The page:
NuScale Power

'Miniature', Modular Nuclear Power Plants Could Be Rolled Out in The US

They can fit on the back of a truck.

20 JAN 2017

The future of nuclear power might look very different than we thought, with a US-based company presenting plans for miniature, modular nuclear power plants that are so small, they can fit on the back of a truck.

NuScale Power, the company behind the power plants, says each modular device is completely self-contained, and capable of producing 50-megawatts of electricity - enough to power thousands of homes.


The power plants stand 29.7 metres tall, so aren't really that 'miniature', except relative to an acutal nuclear power plant. They also haven't been tested as yet, so we need to reserve our excitment for when we can actually see these things in action.

But the general idea is that they would be hooked together to generate power, and because each of them is self-contained, they limit the extent of any future accidents, potentially offering a safer format than we have now.

"The world's demand for electricity and clean water will increase significantly over the next several decades," said John Hopkins, NuScale Power’s CEO.

"Our technology can meet that challenge with clean and reliable power, improving the environment and the quality of life for humankind."

Nuclear reactors work through the process of nuclear fission, which involves splitting atoms - usually uranium - into smaller parts.

This generates heat, which is used to produce steam and power a turbine to generate electricity that can feed straight into the grid. Almost 20 percent of the US's electricity is currently generated by the country's 99 nuclear power plants.


But these are pretty huge facilities, with giant concrete chimneys (think: The Simpsons), and the potential to produce a lot of nuclear waste. Of course, there's also the risk of a meltdown if the core gets too hot as a result of an accident.

These large-scale reactors are also getting pretty outdated. Many of the reactors in the US today soon lose their licences from the Nuclear Regulatory Commission (NRC), and all 99 of them are expected to be retired between 2029 and 2050. 

So the NuScale modular power plants could offer an alternative solution. They use the same nuclear fission process to run, but they would be a lot smaller, easier to set up, and, potentially safer.

Instead of being built on site, the modular reactors which are known as small modular reactors (SMRs), would be manufactured in a factory-like facility.

Then, after production, they would be delivered to its destination and hooked up to the power grid.

Since each of the plants are modular, a town could potentially hook multiple power plants up together to provide more electricity if needed, mimicking the way we use batteries in series to power devices.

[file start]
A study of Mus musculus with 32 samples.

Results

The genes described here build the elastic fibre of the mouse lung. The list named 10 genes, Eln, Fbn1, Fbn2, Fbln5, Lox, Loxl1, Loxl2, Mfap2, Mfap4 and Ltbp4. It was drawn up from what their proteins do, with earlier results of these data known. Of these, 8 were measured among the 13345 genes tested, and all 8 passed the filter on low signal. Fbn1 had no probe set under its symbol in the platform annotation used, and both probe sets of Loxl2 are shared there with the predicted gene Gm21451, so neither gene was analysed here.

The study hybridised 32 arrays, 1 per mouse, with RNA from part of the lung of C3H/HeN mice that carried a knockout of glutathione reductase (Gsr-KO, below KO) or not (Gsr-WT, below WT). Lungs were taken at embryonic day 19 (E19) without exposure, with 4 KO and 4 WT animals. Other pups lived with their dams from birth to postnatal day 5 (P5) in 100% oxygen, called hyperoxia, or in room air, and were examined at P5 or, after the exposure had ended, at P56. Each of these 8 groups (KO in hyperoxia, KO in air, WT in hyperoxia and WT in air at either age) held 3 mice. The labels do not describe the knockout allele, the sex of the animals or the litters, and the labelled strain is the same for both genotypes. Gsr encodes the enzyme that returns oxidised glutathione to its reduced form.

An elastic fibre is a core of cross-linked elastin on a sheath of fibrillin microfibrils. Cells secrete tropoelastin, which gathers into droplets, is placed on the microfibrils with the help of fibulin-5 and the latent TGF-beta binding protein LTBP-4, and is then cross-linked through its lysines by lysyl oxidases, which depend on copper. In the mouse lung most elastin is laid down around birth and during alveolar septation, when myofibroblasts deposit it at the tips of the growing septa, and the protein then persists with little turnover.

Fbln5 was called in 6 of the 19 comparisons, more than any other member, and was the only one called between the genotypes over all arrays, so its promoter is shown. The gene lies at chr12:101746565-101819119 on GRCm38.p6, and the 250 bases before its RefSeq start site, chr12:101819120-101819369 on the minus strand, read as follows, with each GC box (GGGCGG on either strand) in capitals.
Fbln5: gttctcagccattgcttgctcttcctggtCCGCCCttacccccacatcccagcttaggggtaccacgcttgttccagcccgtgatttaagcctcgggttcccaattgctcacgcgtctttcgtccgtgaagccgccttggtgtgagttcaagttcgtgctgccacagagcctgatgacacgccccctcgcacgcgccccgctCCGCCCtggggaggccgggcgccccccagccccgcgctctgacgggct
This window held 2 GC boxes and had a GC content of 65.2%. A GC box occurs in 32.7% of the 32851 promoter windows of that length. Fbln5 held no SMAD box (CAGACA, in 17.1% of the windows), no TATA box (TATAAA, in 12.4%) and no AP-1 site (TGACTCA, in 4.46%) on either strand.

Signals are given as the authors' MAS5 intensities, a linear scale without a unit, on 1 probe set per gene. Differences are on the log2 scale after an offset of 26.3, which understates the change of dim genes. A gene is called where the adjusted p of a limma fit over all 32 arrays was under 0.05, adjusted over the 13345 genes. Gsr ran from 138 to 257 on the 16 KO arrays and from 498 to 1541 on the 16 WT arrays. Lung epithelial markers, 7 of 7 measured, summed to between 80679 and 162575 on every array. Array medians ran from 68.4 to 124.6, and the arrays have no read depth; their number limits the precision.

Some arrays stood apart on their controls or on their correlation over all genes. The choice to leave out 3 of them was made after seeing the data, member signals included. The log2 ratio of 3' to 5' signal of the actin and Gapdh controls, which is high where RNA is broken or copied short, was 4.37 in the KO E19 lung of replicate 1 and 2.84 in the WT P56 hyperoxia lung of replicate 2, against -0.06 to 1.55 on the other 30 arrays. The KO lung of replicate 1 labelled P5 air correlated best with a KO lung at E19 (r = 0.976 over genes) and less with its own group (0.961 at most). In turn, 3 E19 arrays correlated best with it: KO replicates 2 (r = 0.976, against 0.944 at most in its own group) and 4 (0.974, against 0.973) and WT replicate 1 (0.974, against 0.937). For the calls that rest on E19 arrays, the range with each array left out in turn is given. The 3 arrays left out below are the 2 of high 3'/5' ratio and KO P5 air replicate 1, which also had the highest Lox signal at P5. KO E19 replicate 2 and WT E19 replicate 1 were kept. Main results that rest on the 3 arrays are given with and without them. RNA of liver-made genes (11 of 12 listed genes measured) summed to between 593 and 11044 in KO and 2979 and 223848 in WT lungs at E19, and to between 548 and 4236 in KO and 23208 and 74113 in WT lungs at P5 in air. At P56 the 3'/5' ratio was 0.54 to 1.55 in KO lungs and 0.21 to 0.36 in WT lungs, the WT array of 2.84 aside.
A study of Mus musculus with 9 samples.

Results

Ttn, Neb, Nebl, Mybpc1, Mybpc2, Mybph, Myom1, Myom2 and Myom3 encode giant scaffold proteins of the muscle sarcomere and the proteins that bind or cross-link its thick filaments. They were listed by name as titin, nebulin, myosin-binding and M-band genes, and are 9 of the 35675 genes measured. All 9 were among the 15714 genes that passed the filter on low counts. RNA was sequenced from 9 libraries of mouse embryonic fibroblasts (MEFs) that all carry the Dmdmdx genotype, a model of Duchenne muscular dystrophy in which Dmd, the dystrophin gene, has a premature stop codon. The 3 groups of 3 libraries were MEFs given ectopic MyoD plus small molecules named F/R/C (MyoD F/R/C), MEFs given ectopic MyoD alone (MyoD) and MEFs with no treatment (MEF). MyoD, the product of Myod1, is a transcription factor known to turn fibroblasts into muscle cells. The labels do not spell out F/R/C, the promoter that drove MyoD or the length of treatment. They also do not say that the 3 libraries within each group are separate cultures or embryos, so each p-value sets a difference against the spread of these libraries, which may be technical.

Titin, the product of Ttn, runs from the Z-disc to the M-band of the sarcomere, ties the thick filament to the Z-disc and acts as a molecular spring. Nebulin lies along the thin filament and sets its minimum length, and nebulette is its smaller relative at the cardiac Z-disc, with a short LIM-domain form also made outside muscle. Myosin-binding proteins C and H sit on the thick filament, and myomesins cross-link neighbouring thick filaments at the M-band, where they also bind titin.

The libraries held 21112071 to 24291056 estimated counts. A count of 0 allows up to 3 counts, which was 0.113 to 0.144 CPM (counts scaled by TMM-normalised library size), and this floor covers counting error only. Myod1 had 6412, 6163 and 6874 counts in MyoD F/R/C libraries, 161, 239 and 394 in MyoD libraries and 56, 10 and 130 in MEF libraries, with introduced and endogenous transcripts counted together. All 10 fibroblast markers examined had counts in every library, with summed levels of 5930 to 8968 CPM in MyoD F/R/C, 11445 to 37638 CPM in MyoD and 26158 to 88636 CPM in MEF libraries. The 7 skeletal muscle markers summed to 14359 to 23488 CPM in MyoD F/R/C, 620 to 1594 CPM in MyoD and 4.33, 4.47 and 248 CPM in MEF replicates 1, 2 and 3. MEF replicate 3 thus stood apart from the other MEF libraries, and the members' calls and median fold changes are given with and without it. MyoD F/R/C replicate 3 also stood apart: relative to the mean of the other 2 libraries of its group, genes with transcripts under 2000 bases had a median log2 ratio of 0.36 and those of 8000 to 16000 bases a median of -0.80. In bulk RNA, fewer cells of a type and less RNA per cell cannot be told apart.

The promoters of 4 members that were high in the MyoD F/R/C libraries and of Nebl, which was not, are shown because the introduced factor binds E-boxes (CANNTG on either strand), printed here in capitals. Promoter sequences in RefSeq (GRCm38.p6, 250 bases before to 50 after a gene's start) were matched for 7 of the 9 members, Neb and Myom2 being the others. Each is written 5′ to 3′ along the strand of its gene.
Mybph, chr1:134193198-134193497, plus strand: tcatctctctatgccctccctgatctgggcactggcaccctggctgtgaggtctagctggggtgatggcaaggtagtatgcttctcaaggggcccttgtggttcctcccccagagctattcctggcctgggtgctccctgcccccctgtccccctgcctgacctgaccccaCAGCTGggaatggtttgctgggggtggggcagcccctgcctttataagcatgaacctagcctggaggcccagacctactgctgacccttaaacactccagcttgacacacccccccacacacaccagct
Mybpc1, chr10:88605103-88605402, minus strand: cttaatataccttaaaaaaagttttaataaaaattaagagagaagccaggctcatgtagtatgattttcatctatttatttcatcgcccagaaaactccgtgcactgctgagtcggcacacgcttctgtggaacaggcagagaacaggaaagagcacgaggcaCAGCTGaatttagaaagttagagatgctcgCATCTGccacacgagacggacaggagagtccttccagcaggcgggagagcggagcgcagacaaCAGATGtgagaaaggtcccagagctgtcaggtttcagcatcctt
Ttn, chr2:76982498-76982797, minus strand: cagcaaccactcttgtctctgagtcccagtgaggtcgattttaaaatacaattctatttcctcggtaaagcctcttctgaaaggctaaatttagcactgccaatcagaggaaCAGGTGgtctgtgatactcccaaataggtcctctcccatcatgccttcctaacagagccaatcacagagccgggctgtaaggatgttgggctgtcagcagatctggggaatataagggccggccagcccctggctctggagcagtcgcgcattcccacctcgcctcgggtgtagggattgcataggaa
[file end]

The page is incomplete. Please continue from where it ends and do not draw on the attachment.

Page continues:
Don't think the effect is going to be subtle though - in order to generate a significant amount of power, these modular plants would need to take up a fair chunk of land.

"'Miniature' in nuclear terms is still pretty big. The modules are small enough to fit on flatbed trucks, but they would stand nearly nine stories [29.7 metres] tall," reports Geoff Brumfiel at NPR.

"Moreover, a power plant would probably require several modules hooked together like giant batteries. Of course, they'd need to be operated by professional nuclear engineers."

So what makes these new reactors so different? The team says that the SMRs will be safer than traditional nuclear power plants.

They work by having a completely contained system where the reactor is submerged in water. Unlike current plants, though, the water used to cool the reactor doesn’t rely on a pump, which can fail.

Instead, the SMR uses natural convection to keep cold and hot water flowing inside the containment vessel.

While that doesn’t sound like a huge deal, the devastating tsunami that struck Japan back in 2011 broke the pump that was keeping the Fukushima nuclear power plant cool, which caused a disaster that the country is still struggling with today.

Without the need for a pump in the new system, natural disasters like the one that hit Japan - or any other type of major issue in the plant - wouldn't cause nearly as much damage.

NuScale also says its reactors use less uranium than current reactors, increasing its safety even more.

Here's how it works in more detail:


Working with the US Department of Energy (DOE), the company already has plans to showcase their new reactor. They've just announced plans to build a 12-module plant in Idaho, where they'll work with power companies to test their SMR.

The team says that entire project - including the production of 12 reactors and hooking them up - will cost roughly US$3 billion.

While all of this sounds like a good thing, let's keep in mind that the design is still yet to be tested by independent researchers at this point, and there are scientists who are concerned it might not be safe.

"NuScale is proposing major reductions in all of these areas relative to current NRC requirements for large reactors, based on the assertion that the reactor will be safer," Ed Lyman, from the Union of Concerned Scientists, told NPR.

But it's important to note that none of these power plants will become active until the NRC reviews and okays them for use - a process that NuScale says will take at least three years.

If all goes well, they hope to start using the SMRs by 2026 - just in time to get everything up and running before current NRC licences expire on existing power plants.

While it remains unknown if modular power plants will play a role in the future of clean energy, it's an interesting new take on old technology. Until they start testing them, we’re just going to have to wait and see.